In the last two weeks, the Falcons (video) and the Lions have both been burned by throwing a red challenge flag on a play subject to automatic review. All indications are this rule will be changed, including comments from the commissioner at a Lions event.

The crux is the issue is as follows.   This year, the NFL expanded plays that the replay official can buzz the referee and initiate a review outside of two minutes.   On plays subject to a booth review, the head coach is prohibited from throwing a red challenge flag.   The penalty for violating the rule is that the coach is assessed an unsportsmanlike conduct foul and the play will not be reviewed.   It doesn’t matter if the play was called right or wrong, once the coach violates the rule by throwing the challenge flag, all bets are off and there will be no review. (As we reported earlier, the lost-challenge penalty is not just for the unsportsmanlike conduct foul, but any foul between plays.)

The Competition Committee has been discussing proposals to modify or remove this rule, but the most equitable solution is to implement a change starting with the playoffs, when all teams are essentially reset to 0-0. In 2009, a midseason proposal to consider the expiration of the clock subject to a review was implemented for the playoffs that season.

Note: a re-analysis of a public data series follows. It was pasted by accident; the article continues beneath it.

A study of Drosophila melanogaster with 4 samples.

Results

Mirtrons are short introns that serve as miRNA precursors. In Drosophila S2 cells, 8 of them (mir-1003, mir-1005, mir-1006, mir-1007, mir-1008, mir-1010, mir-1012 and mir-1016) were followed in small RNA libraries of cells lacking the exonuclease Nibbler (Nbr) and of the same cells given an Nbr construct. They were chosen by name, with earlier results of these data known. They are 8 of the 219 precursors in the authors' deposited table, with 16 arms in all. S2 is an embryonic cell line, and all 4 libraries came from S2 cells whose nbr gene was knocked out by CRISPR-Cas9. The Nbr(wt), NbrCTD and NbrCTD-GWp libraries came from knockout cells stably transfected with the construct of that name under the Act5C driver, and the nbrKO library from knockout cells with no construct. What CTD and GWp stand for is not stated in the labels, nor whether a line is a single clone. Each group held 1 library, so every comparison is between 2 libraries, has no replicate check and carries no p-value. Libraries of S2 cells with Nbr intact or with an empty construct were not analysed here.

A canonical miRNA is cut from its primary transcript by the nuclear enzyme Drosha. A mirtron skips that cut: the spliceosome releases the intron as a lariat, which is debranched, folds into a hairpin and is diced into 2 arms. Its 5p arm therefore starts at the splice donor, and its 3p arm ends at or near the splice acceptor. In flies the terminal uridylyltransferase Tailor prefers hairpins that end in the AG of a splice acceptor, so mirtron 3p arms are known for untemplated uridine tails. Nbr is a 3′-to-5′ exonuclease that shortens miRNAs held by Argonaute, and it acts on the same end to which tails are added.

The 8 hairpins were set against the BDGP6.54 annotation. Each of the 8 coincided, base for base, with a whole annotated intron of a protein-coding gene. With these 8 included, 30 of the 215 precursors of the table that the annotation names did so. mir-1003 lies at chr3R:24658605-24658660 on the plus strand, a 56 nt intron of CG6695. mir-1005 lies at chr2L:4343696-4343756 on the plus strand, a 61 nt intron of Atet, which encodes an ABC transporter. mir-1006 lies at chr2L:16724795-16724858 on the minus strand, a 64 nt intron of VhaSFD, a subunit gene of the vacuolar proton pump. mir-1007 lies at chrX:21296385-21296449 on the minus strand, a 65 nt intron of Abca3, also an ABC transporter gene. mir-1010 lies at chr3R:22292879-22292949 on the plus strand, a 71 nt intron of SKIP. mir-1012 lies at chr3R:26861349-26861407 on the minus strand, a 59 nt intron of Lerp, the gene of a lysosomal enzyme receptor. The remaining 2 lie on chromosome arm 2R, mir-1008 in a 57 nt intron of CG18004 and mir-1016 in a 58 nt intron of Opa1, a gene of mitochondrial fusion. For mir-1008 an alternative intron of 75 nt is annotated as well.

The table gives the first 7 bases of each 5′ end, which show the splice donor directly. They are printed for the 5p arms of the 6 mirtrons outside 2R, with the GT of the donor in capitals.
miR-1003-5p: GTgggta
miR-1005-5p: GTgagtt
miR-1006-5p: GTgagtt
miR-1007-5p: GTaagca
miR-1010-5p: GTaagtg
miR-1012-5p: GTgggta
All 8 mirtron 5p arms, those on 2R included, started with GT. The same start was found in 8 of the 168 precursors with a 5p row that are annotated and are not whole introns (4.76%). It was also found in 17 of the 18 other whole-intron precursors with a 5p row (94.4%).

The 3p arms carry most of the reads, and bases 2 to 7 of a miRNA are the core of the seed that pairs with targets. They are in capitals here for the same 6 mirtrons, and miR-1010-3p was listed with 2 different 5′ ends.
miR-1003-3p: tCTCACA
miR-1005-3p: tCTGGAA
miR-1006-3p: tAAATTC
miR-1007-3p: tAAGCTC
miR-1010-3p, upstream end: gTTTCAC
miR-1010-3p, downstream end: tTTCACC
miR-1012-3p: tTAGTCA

All interim rule changes or enforcement matters can only be recommended by the Competition Committee. The owners ultimately would have to vote on the change. These rule changes (by Rule 3, Section 1) expire after the Super Bowl and are automatically placed on the Competition Committee agenda for their offseason meetings for review.


  1. I just don’t see how this can be changed and still prevent abuse by coaches without requiring very subjective calls by the referee.

  2. Perhaps the best solution as a temporary measure is to make the review-forfeit rule only apply when the play clock is running, but an illegal challenge would always be subject to the 15 yards.

  3. The exact rule is that a coach cannot benefit from a replay after his team commits a penalty. If the other coach commits a foul, and that other coach would be harmed by the replay, the replay can still go forward. Otherwise a coach could commit a penalty on purpose just to negate a replay that could harm his team.